Venus Fly Trap & Its Vague Origins

stu neville

Bump!

St.Clair said:
You searched an urban legend site?

That was clever....

....You must take into account the known facts before demoting another sister subject in the chart of Fort. Lobelia and myself (if you read my first post) are picking up on a bigger fortean event.

Look:
Well, I tried the Straight Dope, And got this:
(extract)There are no scientists puzzled about the Venus flytrap, only "scientists."
The VFT is the only member of its genus, Dionaea, but it has several relatives in the genus Drosera, which also happen to be carnivorous plants, known as "sundews." Together, these two genera make up the plant family Droseraceae. Sundews occur all over the world, while the VFT is limited to bogs throughout North and South Carolina--and, despite any X-Files episodes to the contrary, neither of the Carolinas used to be a meteor crater.
Whatever anyone says about Snopes, the Dope tends to come through. I trust them.

Stu
 
A

Anonymous

Fair enough!:)

Its funny though.........I grow (illegal) drosera spp. in my garden. The highlands have many sphagnum bogs that support them. They are a protected species and are notfound in many locations. Like the venus fly trap, they derive little nutrition from the bog land in which they live. Its just as well because many of these bogs are as near to sterile as you could get.

We also have the bladderwort which is submersed in the water. Its root area has little pouches (bladders) that are able to consume waterborn insects.

I really did not know this latest thinking on the family connection.

So......the entire Drosera family is from outerspace!:p ;)
 
A

Anonymous

Re: Bump!

There are no scientists puzzled about the Venus flytrap, only "scientists."
I find the origins of the species very puzzling. I am equally amazed at sundews and orchids. I find the speed at which Oxford ragwort covered the british countryside very puzzling. I find the semi parasitic plants equally intriguing. I dont believe these to be aliens and nor do I believe the venus fly trap to be an alien. I do however acknowledge the possibility that life first began on earth when it contacted another organism. I also acknowledge pure indiginous origins. They are just possibilities. I take exception to his statement because it seems to indicate that it is possible to be above all knowledge and that he is part of that elite. Its related to drosera?........which means its now "covered" by science? We know it all again, do we? If they did'nt find them puzzling in the first place (like the original botanists did) then they could never work out that:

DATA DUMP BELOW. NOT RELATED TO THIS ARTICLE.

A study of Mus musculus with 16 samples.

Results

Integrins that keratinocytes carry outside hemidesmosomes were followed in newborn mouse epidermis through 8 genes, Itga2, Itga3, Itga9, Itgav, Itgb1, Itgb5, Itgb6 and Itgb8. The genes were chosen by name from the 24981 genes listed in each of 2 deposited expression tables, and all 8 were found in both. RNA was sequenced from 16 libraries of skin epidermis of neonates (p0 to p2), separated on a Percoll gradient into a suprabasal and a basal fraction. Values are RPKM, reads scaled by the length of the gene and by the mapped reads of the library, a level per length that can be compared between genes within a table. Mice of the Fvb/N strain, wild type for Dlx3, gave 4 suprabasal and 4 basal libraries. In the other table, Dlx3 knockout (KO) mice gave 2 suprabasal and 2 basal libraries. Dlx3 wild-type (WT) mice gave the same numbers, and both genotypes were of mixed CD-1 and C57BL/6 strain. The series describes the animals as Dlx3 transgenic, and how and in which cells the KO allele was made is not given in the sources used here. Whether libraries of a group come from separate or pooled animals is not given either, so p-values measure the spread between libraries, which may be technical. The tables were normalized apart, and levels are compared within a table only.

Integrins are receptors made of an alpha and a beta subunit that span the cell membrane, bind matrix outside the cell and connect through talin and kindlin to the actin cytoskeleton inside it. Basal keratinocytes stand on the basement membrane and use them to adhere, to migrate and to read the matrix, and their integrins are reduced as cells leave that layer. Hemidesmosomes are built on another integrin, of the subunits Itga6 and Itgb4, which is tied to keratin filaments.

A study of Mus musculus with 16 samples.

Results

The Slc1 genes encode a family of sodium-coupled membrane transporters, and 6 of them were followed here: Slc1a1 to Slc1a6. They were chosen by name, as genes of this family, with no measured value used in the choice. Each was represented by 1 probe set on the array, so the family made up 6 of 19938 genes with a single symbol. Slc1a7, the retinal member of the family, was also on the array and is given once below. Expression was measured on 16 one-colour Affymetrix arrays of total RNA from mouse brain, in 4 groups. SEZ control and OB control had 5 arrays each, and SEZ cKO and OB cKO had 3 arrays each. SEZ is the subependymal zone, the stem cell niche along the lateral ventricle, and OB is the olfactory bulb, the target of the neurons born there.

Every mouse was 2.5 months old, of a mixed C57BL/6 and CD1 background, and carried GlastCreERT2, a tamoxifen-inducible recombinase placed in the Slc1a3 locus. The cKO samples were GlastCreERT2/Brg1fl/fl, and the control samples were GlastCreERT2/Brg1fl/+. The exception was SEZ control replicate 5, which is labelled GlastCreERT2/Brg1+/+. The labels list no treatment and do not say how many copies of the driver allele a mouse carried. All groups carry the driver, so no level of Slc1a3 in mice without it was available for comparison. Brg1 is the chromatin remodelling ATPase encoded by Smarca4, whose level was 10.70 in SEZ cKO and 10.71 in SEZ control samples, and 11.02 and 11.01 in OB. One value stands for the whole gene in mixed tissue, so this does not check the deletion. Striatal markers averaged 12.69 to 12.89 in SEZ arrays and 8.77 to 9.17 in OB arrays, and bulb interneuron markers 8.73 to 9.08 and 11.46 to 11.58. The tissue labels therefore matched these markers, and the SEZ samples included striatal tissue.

.....it has several relatives in the genus Drosera, which also happen to be carnivorous plants, known as "sundews." Together, these two genera make up the plant family Droseraceae. Sundews occur all over the world, while the VFT is limited to bogs throughout North and South Carolina.
We would never know anything if we never puzzled at it first.

I regret my response to arielsnake, though.............
 

Just to add some linguistic trivia, the Korean word for a Venus Fly-Trap translates as 'Fly Hell'.

I must find out whether that is from the Chinese.
 

GNC

Just to add some linguistic trivia, the Korean word for a Venus Fly-Trap translates as 'Fly Hell'.

I must find out whether that is from the Chinese.
Rather fly-hell than hell-fly.
 

Gizmos Mama

My present collection, Drosera Binata, D. Capenensis, D. Rotundifola, D. Anglica, lots of seedlings of the last two possiblbly some crosses as well. Sarrasenia Leucaphilla, S. Flava and Dionaea Musipula, just need to be carefull yhis winter. View attachment 11877
Wow, amazing!
I so wish I didn't live in a high altitude semi arid climate, and could grow beautiful/deadly plants like this!

As an aside, and only off topic a little, my favourite weird plant is the pomegranate, which is unique, in that it doesn't have any known related species existing in the world. (and so yummy!)
 

Bullseye

Wow, amazing!
I so wish I didn't live in a high altitude semi arid climate, and could grow beautiful/deadly plants like this!
Well, if you can water them with rain-water, maybe you have a water butt, (I sincerely hope that dos'nt mean something entirely different in the States), and can plant them up in peat and sharp sand you should be able to grow them. Got to keep them damp all the time. The three troughs in the above photo are in one big container that is always full of rain water.
 

Gizmos Mama

Well, if you can water them with rain-water, maybe you have a water butt, (I sincerely hope that dos'nt mean something entirely different in the States), and can plant them up in peat and sharp sand you should be able to grow them.
Yes, I have a rain barrel! lol
Unfortunately, I'd d have to move them inside during the -30 C winters, and there's no room.
 

Bullseye

yeah, ok, so minus 30 is a little bit outside their "comfort zone", try Sundews and Venus Fly traps indoors on your windowsills ?.